In the mid-1990’s school children found frogs with missing or extra legs while on a field trip to a pond in Minnesota. Following the event, other ponds were surveyed and similar malformations of the amphibians were found. Deformities are a normal state of nature and occur in about five percent of individuals naturally. However, these individuals are usually preyed upon by predators or do not live long after birth. The malformations found in Minnesota were in percentages far higher than the normal five percent. In time malformations were found to stretch from ocean to ocean in the United States and north into Canada. Many species of frogs are affected, including Pacific Tree Frogs and Leopard Frogs.
The most common malformations were extra limbs, including extra legs, feet, and digits. Some frogs had missing eyes (although one frog with a missing eye was found to have the eye inverted to the inside of its mouth!) or webbing connecting their lower leg to their upper leg in strange positions. Tadpoles, the larval form of amphibians, were seemingly not affected; just adult frogs showed malformations.
Hypotheses were quickly formed to suggest why the frogs were malformed. Leading causes included exposure to increased UV radiation and pesticide run-off. The latter seemed very feasible, given that many of the malformed frogs were found in agricultural areas, particularly in California, the Midwest of the United States, and southern Canada.
In time the culprit was found. The cause of such malformations was a small organism called a trematode or a fluke. Trematodes have complex lifecycles that includes several hosts and even a free-swimming life stage. Water birds, such as herons, feed on fish or frogs that are infected with trematodes. Trematodes lay their eggs, which are removed from the bird in their feces (which is usually dropped in the water, where the birds spend much of their time wading and feeding). Aquatic snails feed on the feces and take up the egg, where it hatches and grows. It later leaves the snail in a free-swimming organism that twists and turns in the water. This life stage burrows into a fish or frog and then begins the cycle anew.
For the Riberoia trematode, it was discovered to affect amphibians. Fish are common hosts. However, population sizes of the trematdoe had increased and frogs became additional hosts. The trematodes burrows into the area of the tadpole where the hind limbs will form, causing the cell (which would become a leg) to partially split (much like conjoined twins). Thus, multiple limbs form where one limb should have developed. Frogs that were missing limbs likely suffered cell damage from the trematode and the limb did not form correctly.
In time, it was learned that, in fact, pesticides did play a role. The run-off of these chemicals was providing extra nutrients in the water. This had led to algae blooms, which provided more food for the snails. This led to an increase in snail populations, and therefore, an increase in trematode populations. This is a classic example of how complex nature really is!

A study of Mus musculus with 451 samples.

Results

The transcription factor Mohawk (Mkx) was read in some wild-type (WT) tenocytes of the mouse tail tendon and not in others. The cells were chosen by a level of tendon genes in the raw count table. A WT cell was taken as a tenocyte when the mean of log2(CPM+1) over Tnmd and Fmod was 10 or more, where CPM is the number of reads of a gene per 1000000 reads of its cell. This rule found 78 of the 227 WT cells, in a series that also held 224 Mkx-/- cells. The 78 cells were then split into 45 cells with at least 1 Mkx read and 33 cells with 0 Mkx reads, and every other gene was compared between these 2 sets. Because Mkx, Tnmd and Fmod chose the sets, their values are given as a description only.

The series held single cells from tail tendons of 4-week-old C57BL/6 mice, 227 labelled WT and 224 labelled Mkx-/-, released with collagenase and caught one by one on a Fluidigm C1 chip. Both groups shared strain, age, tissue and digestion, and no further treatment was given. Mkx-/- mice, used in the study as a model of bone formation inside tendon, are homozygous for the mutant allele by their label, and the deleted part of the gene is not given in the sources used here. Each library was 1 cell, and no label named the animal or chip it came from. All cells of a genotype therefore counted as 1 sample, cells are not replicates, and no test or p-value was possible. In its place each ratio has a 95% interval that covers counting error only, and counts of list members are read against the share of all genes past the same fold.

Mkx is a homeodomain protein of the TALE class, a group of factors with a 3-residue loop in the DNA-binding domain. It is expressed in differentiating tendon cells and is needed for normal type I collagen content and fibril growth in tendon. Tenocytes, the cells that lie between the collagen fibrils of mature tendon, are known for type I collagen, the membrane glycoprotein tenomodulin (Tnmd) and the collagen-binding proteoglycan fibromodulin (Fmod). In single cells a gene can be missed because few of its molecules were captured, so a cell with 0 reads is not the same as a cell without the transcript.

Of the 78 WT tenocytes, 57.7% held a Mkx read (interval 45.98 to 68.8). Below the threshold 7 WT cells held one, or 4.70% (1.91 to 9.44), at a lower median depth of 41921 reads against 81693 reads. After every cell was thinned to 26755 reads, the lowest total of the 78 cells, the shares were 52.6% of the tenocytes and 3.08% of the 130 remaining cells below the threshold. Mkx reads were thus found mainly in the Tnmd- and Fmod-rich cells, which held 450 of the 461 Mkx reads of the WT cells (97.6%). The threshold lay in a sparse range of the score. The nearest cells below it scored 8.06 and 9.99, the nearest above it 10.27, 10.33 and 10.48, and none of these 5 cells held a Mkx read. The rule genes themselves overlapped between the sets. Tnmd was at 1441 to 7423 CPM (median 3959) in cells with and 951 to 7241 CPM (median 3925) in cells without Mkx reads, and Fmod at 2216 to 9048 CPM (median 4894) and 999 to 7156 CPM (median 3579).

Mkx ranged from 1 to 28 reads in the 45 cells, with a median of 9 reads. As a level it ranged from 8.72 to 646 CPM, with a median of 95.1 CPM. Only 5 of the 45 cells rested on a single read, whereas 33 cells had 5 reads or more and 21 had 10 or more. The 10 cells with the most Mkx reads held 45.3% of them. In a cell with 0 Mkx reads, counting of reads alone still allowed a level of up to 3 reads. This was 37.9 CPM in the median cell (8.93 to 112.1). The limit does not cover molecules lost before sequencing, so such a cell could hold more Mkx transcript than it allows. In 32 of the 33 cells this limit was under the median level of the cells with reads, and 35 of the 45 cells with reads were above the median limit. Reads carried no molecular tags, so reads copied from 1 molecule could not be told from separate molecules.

UV radiation has been shown in the laboratory also to cause deformities. However, such deformities are not what are most commonly seen in the wild and very high levels of radiations were needed to induce the deformities. It is likely that some frogs are deformed by this cause in some places, but it is not as widespread as those affected by the trematodes.
Malformed frogs are still being found in the wild, although research unfortunately has been reduced because of a lack of funding. It is suspected that malformed frogs are playing their role in the worldwide amphibian declines. Frogs with extra or missing limbs are easier prey for predators, including raccoons, birds, and some fish. If populations have a high incidence of malformations, predators wipe out the frogs and numbers are reduced.
Some Department of Natural Resources (DNR) offices continue to keep track of amphibian malformations. If you find a malformed frog, it is best to take pictures and report the sighting, along with information on the place, date, and time of your find, to your local DNR agent. This is particularly important if you see a number of deformed frogs at one location. To help further, consider making a contribution to an organization working to study and conserve amphibian species around the world. Much is unknown as to why these important and amazing critters are declining and time is very limited to save them.
Nature is very complex and it took time to understand what caused the amphibian malformations. Like many things, the media moved on to other topics and tragedies and many people likely forgot about the malformed frogs. It is important to follow up on such environmentally important topics and then share the information with friends and family members so we all can make an effort to preserve the planet and make the Earth a better place for all organisms to live.